This week, Governor Pat Quinn expanded the scope of a special task force studying heroin use in Illinois Schools, and Macoupin County state senator says he is hopeful to soon see the development of a statewide approach to curb drug abuse and increase awareness.
The governor has now allowed the Young Adults Heroin Use Task Force to begin looking at heroin use among students in grades six through 12; the task force has been looking only at high-school grades since it was created last year.
As a member of the task force, Illinois Senator Andy Manar, D-Bunker Hill, said his focus is on giving parents and teachers the tools and ability to detect signs of heroin use early while other tasks force groups are now beginning to meet to look into other areas … including the law enforcement side of the issue.
While it’s also more prevalent in larger cities, Manar said, “this is a problem that has crept into rural areas.” In many town hall meetings, he’s heard more concerns from law enforcement officials and parents about the growing use of heroin among younger students.
“I was surprised by that as well,” Manar said. “The most startling thing is not only the use of heroin at a younger and younger age, but the availability. … We struggle to talk about these things, but I’m of the belief that if we don’t have these conversations and look at it head-on we’re never going to solve it.”
In the investigation, he said the task force has found that prescription medication abuse is one of the primary gateways into heroin use. Addressing that issue and developing curriculum that reinforces the awareness of the deadly and highly addictive nature of heroin among students could be workable paths toward prevention.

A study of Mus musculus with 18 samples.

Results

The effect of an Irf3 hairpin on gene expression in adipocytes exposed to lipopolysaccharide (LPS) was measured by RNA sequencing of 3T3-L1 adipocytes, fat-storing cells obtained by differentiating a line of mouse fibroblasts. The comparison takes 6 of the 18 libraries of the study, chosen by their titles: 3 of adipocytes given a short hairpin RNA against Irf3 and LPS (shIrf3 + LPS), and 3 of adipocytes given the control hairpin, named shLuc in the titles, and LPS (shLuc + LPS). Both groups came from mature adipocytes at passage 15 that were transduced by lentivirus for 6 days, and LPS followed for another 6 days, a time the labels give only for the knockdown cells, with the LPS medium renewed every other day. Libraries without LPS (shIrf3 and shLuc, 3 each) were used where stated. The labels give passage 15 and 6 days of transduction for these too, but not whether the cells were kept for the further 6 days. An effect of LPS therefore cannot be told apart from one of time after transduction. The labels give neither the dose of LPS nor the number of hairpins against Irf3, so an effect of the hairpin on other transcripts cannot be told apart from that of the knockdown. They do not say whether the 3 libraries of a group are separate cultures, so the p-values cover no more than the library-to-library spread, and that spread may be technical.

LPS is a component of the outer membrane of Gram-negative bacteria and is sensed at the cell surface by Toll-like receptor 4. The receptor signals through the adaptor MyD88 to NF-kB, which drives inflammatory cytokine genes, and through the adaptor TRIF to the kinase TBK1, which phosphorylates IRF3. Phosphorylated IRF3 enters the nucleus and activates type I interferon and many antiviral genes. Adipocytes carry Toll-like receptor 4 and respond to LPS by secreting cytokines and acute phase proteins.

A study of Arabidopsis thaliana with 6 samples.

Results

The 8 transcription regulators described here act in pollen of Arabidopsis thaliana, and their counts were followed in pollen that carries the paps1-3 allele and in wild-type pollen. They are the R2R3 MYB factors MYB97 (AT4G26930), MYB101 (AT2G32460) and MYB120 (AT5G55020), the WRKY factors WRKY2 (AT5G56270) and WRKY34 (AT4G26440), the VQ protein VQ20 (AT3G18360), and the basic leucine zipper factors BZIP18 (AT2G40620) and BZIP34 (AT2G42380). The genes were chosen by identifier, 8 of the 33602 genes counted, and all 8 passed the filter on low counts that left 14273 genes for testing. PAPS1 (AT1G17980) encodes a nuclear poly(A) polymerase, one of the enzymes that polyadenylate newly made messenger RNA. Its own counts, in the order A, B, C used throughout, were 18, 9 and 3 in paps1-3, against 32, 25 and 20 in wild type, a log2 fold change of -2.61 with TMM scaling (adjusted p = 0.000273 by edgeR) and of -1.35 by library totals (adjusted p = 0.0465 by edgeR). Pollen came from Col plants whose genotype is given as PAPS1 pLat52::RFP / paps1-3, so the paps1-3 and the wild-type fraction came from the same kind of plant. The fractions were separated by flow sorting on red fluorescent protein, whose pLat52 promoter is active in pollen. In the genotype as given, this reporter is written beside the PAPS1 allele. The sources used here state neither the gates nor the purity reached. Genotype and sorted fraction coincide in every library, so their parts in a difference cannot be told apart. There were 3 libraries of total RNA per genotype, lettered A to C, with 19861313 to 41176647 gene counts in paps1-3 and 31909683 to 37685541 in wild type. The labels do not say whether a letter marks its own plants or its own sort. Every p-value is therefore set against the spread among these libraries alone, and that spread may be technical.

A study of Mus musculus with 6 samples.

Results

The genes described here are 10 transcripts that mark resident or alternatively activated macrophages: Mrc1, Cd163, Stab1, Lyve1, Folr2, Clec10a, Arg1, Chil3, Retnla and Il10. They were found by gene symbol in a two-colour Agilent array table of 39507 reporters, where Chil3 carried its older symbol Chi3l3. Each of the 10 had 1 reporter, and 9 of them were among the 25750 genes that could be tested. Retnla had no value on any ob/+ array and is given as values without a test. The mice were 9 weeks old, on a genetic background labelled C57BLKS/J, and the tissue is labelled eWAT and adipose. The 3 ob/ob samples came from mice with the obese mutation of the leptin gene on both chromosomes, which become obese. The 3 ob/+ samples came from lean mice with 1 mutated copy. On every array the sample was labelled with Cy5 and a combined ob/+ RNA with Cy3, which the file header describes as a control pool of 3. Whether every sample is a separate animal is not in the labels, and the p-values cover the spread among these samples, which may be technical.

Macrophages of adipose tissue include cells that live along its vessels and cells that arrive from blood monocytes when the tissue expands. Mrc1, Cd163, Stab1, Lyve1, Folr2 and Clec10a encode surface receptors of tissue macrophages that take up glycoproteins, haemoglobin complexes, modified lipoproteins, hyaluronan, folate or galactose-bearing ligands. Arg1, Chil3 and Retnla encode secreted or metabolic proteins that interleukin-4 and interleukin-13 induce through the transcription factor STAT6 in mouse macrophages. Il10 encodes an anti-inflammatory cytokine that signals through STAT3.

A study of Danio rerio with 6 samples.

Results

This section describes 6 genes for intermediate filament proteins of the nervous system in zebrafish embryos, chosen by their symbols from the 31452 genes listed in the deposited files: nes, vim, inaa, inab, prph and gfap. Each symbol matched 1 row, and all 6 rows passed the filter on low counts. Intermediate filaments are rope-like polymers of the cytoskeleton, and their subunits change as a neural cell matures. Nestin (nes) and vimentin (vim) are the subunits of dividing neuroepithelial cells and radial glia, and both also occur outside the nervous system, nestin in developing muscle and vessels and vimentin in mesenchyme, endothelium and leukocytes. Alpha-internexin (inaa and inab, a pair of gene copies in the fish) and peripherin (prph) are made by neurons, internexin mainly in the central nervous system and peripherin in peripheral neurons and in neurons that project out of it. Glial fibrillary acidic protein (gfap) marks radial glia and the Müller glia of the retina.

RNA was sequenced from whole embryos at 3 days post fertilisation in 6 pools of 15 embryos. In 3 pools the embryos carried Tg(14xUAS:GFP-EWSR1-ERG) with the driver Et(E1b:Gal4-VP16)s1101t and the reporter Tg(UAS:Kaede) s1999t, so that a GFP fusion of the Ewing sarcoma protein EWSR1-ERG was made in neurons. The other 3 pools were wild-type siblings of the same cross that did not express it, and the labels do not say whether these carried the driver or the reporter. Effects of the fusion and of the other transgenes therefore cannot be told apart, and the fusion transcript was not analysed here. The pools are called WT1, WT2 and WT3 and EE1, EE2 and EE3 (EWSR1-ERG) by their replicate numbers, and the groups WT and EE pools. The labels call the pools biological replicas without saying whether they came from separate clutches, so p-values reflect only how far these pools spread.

“I don’t think the legislature can fix this on its own,” Manar said. “This is going to take involvement from schools and parents and law enforcement all working together. But I do believe there are steps we can take at the state level, like we did with meth production and meth distribution. … It’s going to take a different approach but there are some things we can do.”
He also said that conversations with school administrators and law enforcement have been the most helpful in investigating this issue, and said developing tools for adults — instead of state-mandated requirements —will make sure, “law enforcement, parents and educators know what they are looking at when they see it.”
“If we don’t get our hands around it, I think we’re facing a public health crisis,” he said. “It’ll get out of control and cost us a lot more in the long run.”
Cody Bozarth can be reached at (217) 245-6121, ext. 1223, or on Twitter @JCnews_Cody.